The Algorithm of Life, The Data Religion

His dashboard was ready, its intricately drawn lines showing the connectedness between multiple aspects, straight and curved, equally spread around a few choice words like learning, finance and fitness, floating across other choice words like work and relationships, across every direction. The dashboard wasn’t really a board or an interface displayed on an electronic device. It was handwritten, drawn out on an A3 sized sheet and was simply titled as ‘Life’. Also included was a separate section about nutrition, cascaded by an overarching narrative of quantifying, measuring, tracking, noting and improving every aspect, thereby becoming better everyday, which incidentally was also the current motto of the company he worked for.

He had created the dashboard after a great session of sweating it out over a couple of dumb bells, pull-ups, push-ups, dips and squats. During the session, his mind had wandered during the rest periods of thirty seconds, taken after each set, and during the set itself, occupying his mind along so many tasks that he needed to do within a specific time frame, coupled with all his aspirations pertaining to his physique, reading books and constantly learning and applying new skills everyday to his life, broadly classified into three mother sets called Money, Social and Creativity, underneath whom all the other facets occupied their positions as sub-sets.

He suddenly felt absolute clarity as he stared at the dashboard. It showed him exactly where he stood. For instance, under Money he was interlinking it with his work and financial planning, further branching out into sub-components like his salary, incentives and bonus within reach, learning about the intricacies of investing by reading about the fundamentals of the financial system and how he could go about choosing the best financial instruments for himself. He admitted, that the dashboard was very practical, made with an aim to quantify as much of his self that was related to Money, Social and Creativity, as possible. In the sense that, in a small small way, tracking down his data would be his new religion.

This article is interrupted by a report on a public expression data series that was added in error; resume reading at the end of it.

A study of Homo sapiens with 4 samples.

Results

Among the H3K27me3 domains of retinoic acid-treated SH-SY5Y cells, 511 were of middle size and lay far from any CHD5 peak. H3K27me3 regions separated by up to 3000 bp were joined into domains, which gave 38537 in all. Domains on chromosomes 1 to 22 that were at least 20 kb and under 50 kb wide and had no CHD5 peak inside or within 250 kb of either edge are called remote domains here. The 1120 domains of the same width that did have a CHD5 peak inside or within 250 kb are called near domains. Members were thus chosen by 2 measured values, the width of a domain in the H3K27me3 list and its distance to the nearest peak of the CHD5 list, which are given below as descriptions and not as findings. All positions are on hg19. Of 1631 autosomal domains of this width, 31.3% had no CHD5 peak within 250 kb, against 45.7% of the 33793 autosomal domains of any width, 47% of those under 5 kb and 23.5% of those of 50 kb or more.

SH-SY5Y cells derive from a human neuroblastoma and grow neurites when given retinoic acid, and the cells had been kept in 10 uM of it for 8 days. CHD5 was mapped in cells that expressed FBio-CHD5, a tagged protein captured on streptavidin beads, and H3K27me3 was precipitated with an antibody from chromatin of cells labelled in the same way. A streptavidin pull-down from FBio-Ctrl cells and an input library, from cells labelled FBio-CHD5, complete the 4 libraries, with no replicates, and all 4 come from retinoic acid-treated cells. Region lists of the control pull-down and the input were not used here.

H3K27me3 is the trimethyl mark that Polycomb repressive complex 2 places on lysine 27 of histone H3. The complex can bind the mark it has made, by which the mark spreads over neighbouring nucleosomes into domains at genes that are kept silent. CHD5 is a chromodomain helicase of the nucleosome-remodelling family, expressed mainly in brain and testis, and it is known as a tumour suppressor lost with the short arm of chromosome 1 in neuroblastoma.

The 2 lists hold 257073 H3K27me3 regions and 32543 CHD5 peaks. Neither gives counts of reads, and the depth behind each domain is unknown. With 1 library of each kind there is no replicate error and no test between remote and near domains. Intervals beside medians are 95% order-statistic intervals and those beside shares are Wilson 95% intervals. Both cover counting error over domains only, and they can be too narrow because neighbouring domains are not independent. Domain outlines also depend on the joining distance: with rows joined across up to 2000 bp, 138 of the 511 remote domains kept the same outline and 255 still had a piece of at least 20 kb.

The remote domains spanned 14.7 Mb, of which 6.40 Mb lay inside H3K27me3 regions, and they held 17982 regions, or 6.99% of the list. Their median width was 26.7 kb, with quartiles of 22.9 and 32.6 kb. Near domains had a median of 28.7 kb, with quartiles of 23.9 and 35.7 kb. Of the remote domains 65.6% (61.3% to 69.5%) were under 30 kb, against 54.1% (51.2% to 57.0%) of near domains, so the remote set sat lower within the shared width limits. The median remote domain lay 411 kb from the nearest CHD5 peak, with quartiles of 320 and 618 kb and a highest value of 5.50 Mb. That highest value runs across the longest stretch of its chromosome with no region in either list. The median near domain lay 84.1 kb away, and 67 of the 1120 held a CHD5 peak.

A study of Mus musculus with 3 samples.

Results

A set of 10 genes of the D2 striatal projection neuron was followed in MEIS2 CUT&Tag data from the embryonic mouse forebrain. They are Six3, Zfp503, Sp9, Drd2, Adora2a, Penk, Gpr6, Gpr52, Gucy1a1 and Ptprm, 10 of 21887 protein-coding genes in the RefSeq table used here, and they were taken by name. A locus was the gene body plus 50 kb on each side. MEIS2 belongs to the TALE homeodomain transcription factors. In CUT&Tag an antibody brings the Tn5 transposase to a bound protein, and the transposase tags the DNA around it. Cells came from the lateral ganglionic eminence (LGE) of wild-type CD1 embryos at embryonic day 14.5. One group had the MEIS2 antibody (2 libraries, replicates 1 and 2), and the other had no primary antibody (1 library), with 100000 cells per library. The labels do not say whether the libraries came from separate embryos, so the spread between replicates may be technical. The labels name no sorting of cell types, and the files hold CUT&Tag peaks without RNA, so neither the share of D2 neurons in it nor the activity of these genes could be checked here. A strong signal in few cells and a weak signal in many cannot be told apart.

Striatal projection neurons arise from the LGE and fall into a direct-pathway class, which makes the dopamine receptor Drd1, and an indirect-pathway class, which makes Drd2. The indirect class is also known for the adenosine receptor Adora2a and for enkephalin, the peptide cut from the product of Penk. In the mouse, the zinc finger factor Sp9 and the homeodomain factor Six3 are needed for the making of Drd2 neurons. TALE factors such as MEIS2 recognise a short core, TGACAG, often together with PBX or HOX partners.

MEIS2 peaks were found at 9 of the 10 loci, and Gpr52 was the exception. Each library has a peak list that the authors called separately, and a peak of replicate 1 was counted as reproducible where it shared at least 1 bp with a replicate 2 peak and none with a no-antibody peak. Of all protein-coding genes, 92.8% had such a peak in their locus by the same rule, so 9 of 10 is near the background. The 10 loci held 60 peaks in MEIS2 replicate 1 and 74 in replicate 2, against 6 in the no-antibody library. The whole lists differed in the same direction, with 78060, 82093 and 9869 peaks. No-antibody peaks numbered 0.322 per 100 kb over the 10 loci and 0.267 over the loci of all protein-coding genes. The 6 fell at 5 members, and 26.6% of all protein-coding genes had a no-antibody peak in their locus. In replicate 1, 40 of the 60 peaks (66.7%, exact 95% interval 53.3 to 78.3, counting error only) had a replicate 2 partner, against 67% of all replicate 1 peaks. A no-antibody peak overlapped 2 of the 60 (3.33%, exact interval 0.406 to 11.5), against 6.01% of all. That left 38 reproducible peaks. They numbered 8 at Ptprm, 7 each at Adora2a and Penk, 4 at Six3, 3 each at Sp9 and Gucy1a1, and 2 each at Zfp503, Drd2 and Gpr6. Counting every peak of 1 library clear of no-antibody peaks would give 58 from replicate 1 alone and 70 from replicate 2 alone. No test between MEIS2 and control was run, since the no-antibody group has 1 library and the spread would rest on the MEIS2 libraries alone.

All that he needed to do now, was follow his dashboard daily and make small improvements day after day for each sub-set. Say for instance, he had made a section with all the parameters to track his fitness progress, in line with his ultimate goal to prepare for an military obstacle competition in a few months time. The parameters even included the weather that was most likely to occur on competition day, among other things like the most likely type of obstacles that would be fielded, number of likely participants, the type of shoes he would need for the ground conditions, his daily caloric intake leading towards competition day, improving the time he needed to make a two hundred metre dash and last, but not the slightest least, the duration of sleep he was logging in everyday for maximum recovery.

He had absolute clarity.

He knew exactly what to do. He could finally make sense of all the information that flew at him everyday in the form of calls, emails, articles, videos, books and socializing. It made things, going forwards more interesting as well, as compared to how a majority of people across the world felt on a daily basis, a sense of overwhelm and helplessness at the sheer volume of information that was available at the touch or click on a screen.

He couldn’t wait to get started. Especially the part about her.